The Organisation for Economic Co-operation and Development (OECD), a global forum advocating for sound fiscal policies, recently released a report, Pensions Outlook 2012, that recommends governments raise the retirement age to address increasing longevity and keep national pensions healthy.
According to the Paris-based organization, over the next 50 years, life expectancy at birth is projected to rise by more than seven years in developed countries. In half of OECD countries, the long-term retirement age will be 65, while in 14, it will be between 67 and 69. The group further points out that increases in retirement age ceilings are underway in 28 out of 34 OECD nations. Yet those changes are expected to keep pace with improved life expectancy in only six countries for men and in 10 for women.
Therefore, the report urges countries to formally link retirement ages to heightened longevity, as Denmark and Italy have done.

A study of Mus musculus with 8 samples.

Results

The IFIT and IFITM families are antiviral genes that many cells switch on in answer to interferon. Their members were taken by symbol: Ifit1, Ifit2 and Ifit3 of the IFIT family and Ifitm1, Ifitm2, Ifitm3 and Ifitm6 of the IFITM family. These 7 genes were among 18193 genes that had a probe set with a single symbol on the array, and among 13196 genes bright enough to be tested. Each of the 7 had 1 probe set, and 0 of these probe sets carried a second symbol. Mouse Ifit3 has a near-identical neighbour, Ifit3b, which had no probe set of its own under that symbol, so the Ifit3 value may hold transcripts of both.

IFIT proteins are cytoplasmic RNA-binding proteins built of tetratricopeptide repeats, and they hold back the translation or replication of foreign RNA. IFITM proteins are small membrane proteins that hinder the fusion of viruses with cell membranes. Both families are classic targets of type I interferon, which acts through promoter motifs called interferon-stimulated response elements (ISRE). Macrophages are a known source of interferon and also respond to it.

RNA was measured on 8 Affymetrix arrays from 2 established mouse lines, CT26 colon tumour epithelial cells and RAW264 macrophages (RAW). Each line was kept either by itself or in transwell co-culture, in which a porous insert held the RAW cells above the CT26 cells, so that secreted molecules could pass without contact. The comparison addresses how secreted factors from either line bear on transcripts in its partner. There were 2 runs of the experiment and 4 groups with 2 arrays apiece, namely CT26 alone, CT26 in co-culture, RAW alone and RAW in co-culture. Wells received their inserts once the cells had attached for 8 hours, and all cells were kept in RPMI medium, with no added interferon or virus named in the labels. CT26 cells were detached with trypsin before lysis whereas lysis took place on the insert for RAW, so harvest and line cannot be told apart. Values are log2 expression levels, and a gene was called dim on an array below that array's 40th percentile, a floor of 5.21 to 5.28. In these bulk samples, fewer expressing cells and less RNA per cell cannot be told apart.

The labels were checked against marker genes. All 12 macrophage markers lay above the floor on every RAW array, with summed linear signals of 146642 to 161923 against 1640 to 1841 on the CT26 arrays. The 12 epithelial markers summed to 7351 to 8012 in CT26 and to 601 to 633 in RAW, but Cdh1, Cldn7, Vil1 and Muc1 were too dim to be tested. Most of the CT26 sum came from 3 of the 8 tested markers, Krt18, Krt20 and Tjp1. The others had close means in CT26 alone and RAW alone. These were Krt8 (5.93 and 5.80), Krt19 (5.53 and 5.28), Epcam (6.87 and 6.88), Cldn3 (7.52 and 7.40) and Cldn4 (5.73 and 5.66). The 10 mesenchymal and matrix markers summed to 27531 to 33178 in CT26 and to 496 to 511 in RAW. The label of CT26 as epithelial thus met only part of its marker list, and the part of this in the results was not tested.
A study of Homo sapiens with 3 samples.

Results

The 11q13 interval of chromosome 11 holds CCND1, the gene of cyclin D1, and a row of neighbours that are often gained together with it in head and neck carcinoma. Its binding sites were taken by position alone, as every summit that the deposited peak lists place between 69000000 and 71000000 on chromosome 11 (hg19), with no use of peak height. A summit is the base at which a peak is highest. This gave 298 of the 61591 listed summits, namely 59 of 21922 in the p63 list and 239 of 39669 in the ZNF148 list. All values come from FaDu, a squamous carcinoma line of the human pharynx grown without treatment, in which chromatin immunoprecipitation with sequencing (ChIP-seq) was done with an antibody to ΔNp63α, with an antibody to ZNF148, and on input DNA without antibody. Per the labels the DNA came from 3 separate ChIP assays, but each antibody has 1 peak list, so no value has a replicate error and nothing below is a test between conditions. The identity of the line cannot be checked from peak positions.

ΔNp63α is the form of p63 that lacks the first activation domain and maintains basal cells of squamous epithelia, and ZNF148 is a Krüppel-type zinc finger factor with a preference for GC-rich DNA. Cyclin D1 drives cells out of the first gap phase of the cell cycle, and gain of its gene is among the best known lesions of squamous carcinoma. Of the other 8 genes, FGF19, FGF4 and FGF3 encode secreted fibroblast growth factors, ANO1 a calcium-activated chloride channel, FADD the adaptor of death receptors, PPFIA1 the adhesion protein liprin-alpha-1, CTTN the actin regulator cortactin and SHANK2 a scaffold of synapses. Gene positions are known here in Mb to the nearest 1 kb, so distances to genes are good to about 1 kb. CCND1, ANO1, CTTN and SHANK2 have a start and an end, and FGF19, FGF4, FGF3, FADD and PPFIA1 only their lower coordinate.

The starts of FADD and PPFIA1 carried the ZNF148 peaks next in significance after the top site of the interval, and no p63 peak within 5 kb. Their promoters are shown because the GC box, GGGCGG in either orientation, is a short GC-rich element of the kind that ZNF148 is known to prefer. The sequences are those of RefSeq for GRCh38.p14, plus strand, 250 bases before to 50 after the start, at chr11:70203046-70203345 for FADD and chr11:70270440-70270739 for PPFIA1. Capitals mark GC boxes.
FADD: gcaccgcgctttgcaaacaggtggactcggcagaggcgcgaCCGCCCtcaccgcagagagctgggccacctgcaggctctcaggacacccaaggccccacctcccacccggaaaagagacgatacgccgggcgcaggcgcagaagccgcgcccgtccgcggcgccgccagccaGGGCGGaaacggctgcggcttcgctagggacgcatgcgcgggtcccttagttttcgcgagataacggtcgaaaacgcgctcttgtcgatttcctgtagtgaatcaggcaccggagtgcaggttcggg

Another recommendation is to promote private pensions. However, the report states that making such plans compulsory is not the answer for every country since it could unfairly affect low-income earners and be perceived as an additional tax. A better method may be to automatically enroll workers into private pensions from which they could opt out within a certain time frame.
Encouraging tax reforms that make putting savings into private pensions more favorable as well as better government oversight of how those funds are managed would also help. Enabling matching contributions by companies or giving flat subsidies to savers, which is already done in Germany and New Zealand, would also incentivize contributions.